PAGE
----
Starting this week, Slate will feature a monthly dialogue between two of the nation’s most esteemed jurists, Richard A. Posner and Jed S. Rakoff. These conversations will be moderated by Joel Cohen, author of the book Blindfolds Off: Judges on How They Decide. The subject of their first conversation is the Supreme Court, and how much deference the president should be given to make selections that comport with his ideology.
Joel Cohen: Senate Democratic leader Charles Schumer has said he will oppose any Supreme Court nominee who is out of the “mainstream,” and he considers Donald Trump’s nominee, Judge Neil Gorsuch, precisely that. Might this be payback for the Republican refusal to even consider President Obama’s nomination of mainstream (and universally respected) Judge Merrick Garland? Payback or not, shouldn’t the spoils belong to the victor? Is there any reason, absent disqualifying issues in the nominee’s past, that a president shouldn’t have the right to his Supreme Court nominees?
Judge Richard A. Posner: I’m a realist. Trump has picked precisely whom he wants. Period. There are no rules or principles that govern appointment of a federal judge or justice. The president appoints, the Senate confirms or rejects. Weeping over the rejection of Garland is a total waste of time. He is a well-regarded court of appeals judge but could of course be a stealth liberal, and you can’t criticize Trump or the Republican senators for not wanting another liberal justice.
Judge Jed S. Rakoff: Judge Posner’s healthy realism is right on target. This may surprise some, but of the 151 nominees to the Supreme Court since its start, roughly one-fifth (29 to 36, depending how you count) have not made it past the Senate, and in many of these cases the opposition was bipartisan. Trump was true to his pledge to pick from the list he provided during the campaign. Virtually all of the candidates he considered—including Judge Gorsuch—were previously scrutinized and approved by the Senate for the lower courts, so it is unlikely that he has the kind of “skeleton in the closet” that would cause even a Republican senator to vote against this nominee. As for “disqualifying issues,” even after the Civil War and well into the 20th century, Supreme Court nominees exhibiting clear evidence of racism in their past conduct and attitudes were regularly confirmed, and it was only in 1970, in the heat of the civil rights movement, that a nominee (G. Harrold Carswell) was rejected on this basis. To be sure, any nominee these days would face intense scrutiny in the Senate, some of it legitimate, some of it petty, but all of it political. None of it, however, is likely to affect the final vote to confirm Judge Gorsuch.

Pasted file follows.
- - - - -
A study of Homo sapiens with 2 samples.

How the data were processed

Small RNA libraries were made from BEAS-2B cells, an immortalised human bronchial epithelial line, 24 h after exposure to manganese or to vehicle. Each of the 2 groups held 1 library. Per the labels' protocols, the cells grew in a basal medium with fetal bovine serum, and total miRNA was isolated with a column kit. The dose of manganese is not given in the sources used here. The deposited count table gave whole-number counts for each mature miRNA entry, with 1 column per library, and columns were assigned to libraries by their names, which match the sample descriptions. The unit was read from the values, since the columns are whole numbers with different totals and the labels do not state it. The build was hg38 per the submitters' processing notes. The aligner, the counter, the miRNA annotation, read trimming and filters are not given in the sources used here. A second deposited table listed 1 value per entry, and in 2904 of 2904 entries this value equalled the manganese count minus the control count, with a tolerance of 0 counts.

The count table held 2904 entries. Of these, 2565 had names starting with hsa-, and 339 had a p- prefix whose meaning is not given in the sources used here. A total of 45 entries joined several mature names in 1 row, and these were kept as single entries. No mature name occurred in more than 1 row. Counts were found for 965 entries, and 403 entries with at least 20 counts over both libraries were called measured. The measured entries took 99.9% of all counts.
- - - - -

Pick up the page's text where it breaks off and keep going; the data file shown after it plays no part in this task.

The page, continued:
Cohen: Perhaps the question I should have asked is not “shouldn’t the spoils belong to the victor,” but rather “should” they. We’re talking about how justice is administered in America, and you both seem totally comfortable with the president choosing Supreme Court justices based on political judgments and maybe even campaign agendas, simply based on the reality that they’ll likely be confirmed.
Posner: It’s just a question of realism. The entire process of nomination and confirmation of a Supreme Court justice (or for that matter a federal appellate or district court judge) is controlled by politicians—the president and the Senate. That can’t be changed without a constitutional amendment, or without a surge of popular commitment resulting in the election of a president and a Senate majority committed to the appointment of the best candidates from an entirely neutral, professional standpoint. The basis for example is the nomination by President Hoover (a Republican) of Benjamin Cardozo (a Democrat) in 1932, and confirmation by a Republican-majority Senate. Cardozo had the backing of the New York legal profession, which was dominant. There’s nothing like that today.
What is true is that popular support for the Supreme Court has now fallen below 50 percent. But there is no movement to alter the process by which justices are appointed. I could pick nine first-rate justices, but no one’s interested. In recent times, Eisenhower, Kennedy, and Clinton made pretty good appointments, and that I think is about it. I think it’s quixotic to imagine that the situation will be altered in the foreseeable future.
Rakoff: Since the U.S. Supreme Court exercises greater power than the highest court of virtually any other nation and its judges are appointed for life, it makes perfect sense that democratically elected politicians (i.e., the president and the senators) should control the appointments. But we should not forget that a judge’s highest duties are to be impartial and independent, and a politician who has some sense of his or her own place in history will therefore look for candidates who exhibit those qualities.
Since, however, most politicians are more concerned with their immediate agendas, the result has been that there have been more than a few mediocrities appointed to our highest court over its long history. And while I agree with Judge Posner that the Eisenhower, Kennedy, and Clinton appointments were of high quality, we should be careful not to romanticize the past. Eisenhower, for example, made many high-quality appointments to all levels of the federal judiciary, and the judges he appointed to the federal courts in the Deep South strictly enforced integration despite considerable personal danger to themselves and their families. But Eisenhower himself had limited interest in the workings of the judiciary and reportedly always regretted his nominations of Earl Warren and William Brennan. His appointments were largely the work of the two men who successively served as his attorney general, Herbert Brownell Jr. and William P. Rogers—“Wall Street lawyers” and active Republicans, who, as it turned out, were imbued with the highest ideals of the legal profession.